Fresh tallies of absentee and provisional ballots narrowed state Rep. Dwayne Bohac’s margin over Democrat Adam Milasincic to 47 votes, while incumbent Republican Mike Schofield of Katy trailed Democratic challenger Gina Calanni by 113 votes.
Harris County Commissioners Court will make the results official Friday, according to the county clerk’s office. Candidates may request a recount if they trail by less than 10 percent of the total number of votes received by the leading candidate, meaning both races are well within the requisite margin.
As it stood Thursday, Bohac’s lead amounted to less than one tenth of a percent, out of 48,417 votes. Calanni led by a more comfortable .17 percent, among 66,675 votes. Election night returns had showed Bohac leading by 72 votes and Calanni up by 97 votes.
Either way, the results mark a dramatic shift from 2014, when Schofield and Bohac, R-Houston, last faced Democratic foes. That year, the two Republicans won by more than 30 percentage points, each roughly doubling their opponents’ vote totals.
In the 108th House District, Democrat Joanna Cattanach requested a recount Wednesday, the Dallas Morning News reported. She trailed incumbent state Rep. Morgan Meyer, R-Dallas, by 221 votes, according to Dallas County elections results updated Wednesday.
In Collin County, state Rep. Matt Shaheen, R-Plano, led Democrat Sharon Hirsch by 391 votes in the 66th House District, according to the county’s elections site. Hirsch had not conceded as of Thursday morning.
Cattanach is the first candidate to request a recount, but she won’t be the last. Expect her to have some company after the results around the state are certified Tuesday.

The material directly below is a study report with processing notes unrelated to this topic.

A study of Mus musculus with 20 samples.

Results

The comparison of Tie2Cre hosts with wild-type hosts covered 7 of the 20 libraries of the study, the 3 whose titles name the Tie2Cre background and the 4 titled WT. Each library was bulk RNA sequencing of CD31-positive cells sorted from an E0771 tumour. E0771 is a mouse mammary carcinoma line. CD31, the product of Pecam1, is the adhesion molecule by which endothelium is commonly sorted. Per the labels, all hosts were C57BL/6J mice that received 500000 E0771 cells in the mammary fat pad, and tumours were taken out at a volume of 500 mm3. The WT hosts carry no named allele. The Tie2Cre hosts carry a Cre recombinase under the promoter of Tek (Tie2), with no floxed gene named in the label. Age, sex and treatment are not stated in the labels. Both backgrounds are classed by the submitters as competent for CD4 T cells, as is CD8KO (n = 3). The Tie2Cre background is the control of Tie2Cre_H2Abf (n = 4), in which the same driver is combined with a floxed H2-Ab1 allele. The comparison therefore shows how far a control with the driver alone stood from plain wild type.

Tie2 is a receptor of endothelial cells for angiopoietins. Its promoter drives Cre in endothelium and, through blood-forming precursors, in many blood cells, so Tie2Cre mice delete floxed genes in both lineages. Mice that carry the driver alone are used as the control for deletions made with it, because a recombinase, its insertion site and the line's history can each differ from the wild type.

Meanwhile, in CD23:
The political roller coaster in Congressional District 23 continued Thursday when Gina Ortiz Jones’ campaign turned its attention to election officials in Medina County.
Commissioners in Medina declined to certify the county’s results, temporarily raising the possibility of a recount in the Republican stronghold. The commissioners were given two different figures for the number of absentee voters — 1,034 and 1,010.
Jones trails incumbent Republican Will Hurd by around 1,000 votes in the race, which remains too close to call.
There’s no other choice but for this department to have a recount,” Republican Commissioner Tim Neuman said after finding the variation.
But a couple hours later, Medina Elections Administrator Lupe Torres said they were able to identify the discrepancy and would reschedule the canvassing for Monday, a plan Neuman said he agreed with.
On Thursday, the [Jones] campaign accused Medina County of breaching protocol after counting 981 mail ballots on election night. Early voting ballot boards are the small, bipartisan groups charged with reviewing and qualifying those ballots, along with provisional votes.
At the end of the night, the ballot board usually turns off the machine it used to count the ballots, as is protocol, according to affidavits from the two Democratic-appointed board members, which the campaign provided.
Instead, Torres told them to leave the machine running. Torres told them he needed to run 29 “limited” ballots through the machine, bringing the number to 1,010.
Limited ballots are cast by people who have recently moved from another county but have not switched their registration.
Torres initially denied those claims, but he later said he would “correct himself” and admitted it happened. When asked why about the denials, he said: “That’s what I thought had happened.
I don’t even know what to make of that. Just add it to the weirdness pile for this election. We’ll know more soon.